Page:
By Michael Witmer
I was extremely impressed by the people at my table ten days ago in Marion. I was particularly gratified by the people who pushed back a bit at the process, while demonstrating what Brittany called “commitment to the conversation.”
Brittany’s notion of commitment to conversation entailed more than staying at the table. It meant a commitment to the quality of the conversation. It happened after I tallied up the five winners in our little core value exercise. Britney asked if there was a better way to find the group consensus than just counting the number of people who listed a given core value on their top five list. It was a, “well duh,” moment for me, and the ensuing conversation we shared was far deeper and richer for her having probed a bit.
The lists that came out of the caucuses, of how we’d given offense and received offense, struck me as having a common thread: Each of the things that gave offense had the effect of degrading the civic conversation that was going on during the last electoral campaign. These included name-calling, fear mongering, using meaningless catch phrases that appealed only to emotions, mischaracterizing the other side’s positions, imputing the excesses and ignorance of a few radicals to everyone on the other side, just to name a few.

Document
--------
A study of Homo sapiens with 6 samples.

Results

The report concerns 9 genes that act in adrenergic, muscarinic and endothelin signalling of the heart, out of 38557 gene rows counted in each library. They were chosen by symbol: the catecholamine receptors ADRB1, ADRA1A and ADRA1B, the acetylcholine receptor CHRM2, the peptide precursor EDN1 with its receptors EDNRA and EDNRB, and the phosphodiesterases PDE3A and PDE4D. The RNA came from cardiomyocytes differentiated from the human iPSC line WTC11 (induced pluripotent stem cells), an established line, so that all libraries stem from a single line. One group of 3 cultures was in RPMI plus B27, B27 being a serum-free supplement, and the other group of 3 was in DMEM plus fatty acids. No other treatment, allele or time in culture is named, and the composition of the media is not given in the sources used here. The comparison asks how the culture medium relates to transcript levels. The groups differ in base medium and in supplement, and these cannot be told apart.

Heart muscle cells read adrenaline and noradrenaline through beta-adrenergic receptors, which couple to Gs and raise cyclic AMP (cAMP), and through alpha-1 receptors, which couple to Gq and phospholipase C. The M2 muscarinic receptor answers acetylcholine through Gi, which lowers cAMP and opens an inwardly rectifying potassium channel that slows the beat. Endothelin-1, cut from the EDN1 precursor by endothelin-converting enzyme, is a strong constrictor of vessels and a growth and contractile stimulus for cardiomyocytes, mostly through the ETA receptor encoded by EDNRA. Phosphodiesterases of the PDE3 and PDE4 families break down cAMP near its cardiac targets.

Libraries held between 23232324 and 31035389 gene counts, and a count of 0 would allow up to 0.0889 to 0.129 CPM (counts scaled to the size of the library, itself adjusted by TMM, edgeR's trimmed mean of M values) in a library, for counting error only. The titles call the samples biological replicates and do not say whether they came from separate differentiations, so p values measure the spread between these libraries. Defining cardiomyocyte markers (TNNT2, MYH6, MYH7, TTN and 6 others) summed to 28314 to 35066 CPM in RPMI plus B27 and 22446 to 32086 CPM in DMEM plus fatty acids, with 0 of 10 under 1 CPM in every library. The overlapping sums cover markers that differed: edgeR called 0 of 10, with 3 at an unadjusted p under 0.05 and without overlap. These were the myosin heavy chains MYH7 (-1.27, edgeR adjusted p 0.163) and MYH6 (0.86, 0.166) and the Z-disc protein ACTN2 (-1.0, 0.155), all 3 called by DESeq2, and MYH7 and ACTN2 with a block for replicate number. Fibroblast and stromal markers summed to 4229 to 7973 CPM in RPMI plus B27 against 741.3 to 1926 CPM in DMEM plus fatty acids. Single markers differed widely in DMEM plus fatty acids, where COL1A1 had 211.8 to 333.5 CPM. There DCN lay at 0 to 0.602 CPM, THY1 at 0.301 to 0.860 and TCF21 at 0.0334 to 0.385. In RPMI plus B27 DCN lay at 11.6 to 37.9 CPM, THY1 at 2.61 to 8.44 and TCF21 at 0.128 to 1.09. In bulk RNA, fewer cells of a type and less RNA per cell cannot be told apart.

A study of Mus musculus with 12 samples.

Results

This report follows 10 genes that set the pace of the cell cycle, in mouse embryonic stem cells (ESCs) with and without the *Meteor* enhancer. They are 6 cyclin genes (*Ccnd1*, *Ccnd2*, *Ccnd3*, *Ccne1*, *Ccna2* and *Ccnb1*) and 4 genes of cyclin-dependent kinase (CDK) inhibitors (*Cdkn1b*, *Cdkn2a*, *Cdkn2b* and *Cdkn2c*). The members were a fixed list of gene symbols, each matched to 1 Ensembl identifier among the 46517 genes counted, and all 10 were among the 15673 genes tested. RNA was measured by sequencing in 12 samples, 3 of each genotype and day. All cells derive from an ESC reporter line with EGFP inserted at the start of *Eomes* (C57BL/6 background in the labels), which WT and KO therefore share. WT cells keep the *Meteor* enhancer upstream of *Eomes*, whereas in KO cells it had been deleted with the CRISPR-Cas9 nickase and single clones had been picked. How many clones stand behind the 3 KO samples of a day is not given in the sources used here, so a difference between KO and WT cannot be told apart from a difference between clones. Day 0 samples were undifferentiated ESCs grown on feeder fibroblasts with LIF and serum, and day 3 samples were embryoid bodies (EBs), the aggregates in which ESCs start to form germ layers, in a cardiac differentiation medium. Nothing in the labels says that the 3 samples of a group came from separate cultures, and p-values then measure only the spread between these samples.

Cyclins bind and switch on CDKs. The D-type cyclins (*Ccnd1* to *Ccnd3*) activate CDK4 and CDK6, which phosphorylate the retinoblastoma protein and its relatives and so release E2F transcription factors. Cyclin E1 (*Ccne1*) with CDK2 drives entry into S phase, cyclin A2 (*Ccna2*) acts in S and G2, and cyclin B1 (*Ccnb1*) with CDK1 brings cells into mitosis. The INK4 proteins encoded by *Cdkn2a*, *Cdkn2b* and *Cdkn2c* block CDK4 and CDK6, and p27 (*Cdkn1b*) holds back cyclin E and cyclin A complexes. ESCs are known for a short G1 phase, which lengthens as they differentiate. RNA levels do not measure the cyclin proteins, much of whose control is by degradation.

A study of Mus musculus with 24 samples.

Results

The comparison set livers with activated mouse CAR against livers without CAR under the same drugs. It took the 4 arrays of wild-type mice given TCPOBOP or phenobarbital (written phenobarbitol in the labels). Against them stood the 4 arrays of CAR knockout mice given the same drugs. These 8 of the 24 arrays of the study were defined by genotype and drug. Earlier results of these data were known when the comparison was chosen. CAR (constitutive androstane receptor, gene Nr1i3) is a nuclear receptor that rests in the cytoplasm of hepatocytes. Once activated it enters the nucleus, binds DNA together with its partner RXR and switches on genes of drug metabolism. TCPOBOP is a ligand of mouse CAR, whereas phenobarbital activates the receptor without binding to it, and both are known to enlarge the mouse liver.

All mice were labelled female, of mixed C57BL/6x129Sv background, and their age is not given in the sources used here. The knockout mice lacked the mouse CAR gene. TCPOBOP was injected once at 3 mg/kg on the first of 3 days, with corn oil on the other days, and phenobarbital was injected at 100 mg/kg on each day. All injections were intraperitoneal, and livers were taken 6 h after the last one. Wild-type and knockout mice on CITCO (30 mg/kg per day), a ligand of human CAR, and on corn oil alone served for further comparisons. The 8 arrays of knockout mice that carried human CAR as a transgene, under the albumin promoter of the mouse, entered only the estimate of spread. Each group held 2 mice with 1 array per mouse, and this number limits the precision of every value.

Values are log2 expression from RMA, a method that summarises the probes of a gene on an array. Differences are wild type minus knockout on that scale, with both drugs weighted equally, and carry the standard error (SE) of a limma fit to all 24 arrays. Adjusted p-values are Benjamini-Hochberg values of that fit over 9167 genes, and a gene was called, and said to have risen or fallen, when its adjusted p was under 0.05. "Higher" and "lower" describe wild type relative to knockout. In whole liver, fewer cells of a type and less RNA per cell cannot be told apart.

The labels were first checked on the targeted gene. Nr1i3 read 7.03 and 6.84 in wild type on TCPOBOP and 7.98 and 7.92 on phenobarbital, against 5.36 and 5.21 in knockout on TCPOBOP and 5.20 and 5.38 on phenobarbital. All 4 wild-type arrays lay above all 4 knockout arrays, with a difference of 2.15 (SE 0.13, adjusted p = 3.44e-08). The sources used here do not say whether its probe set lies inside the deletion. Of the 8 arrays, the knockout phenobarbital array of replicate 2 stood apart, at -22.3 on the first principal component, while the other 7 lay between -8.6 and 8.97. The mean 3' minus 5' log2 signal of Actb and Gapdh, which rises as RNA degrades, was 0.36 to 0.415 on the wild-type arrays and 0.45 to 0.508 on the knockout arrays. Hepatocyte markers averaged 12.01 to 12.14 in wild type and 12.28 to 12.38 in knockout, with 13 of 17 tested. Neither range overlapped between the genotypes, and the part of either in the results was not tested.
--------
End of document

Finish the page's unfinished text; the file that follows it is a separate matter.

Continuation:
These are conversational sins, and they undermine conversational justice, whether they’re happening at a table, on the street, or through the mass media as the body politic tries to make up its mind.
One takeaway for me of this last weekend is that all Christians of whatever stripe should stay “committed to the conversation”; not just by keeping it going, but by working to protect the conversation, and to deepen the conversation, and to keep people engaged in the conversation.
I think of it as talk therapy for civilization.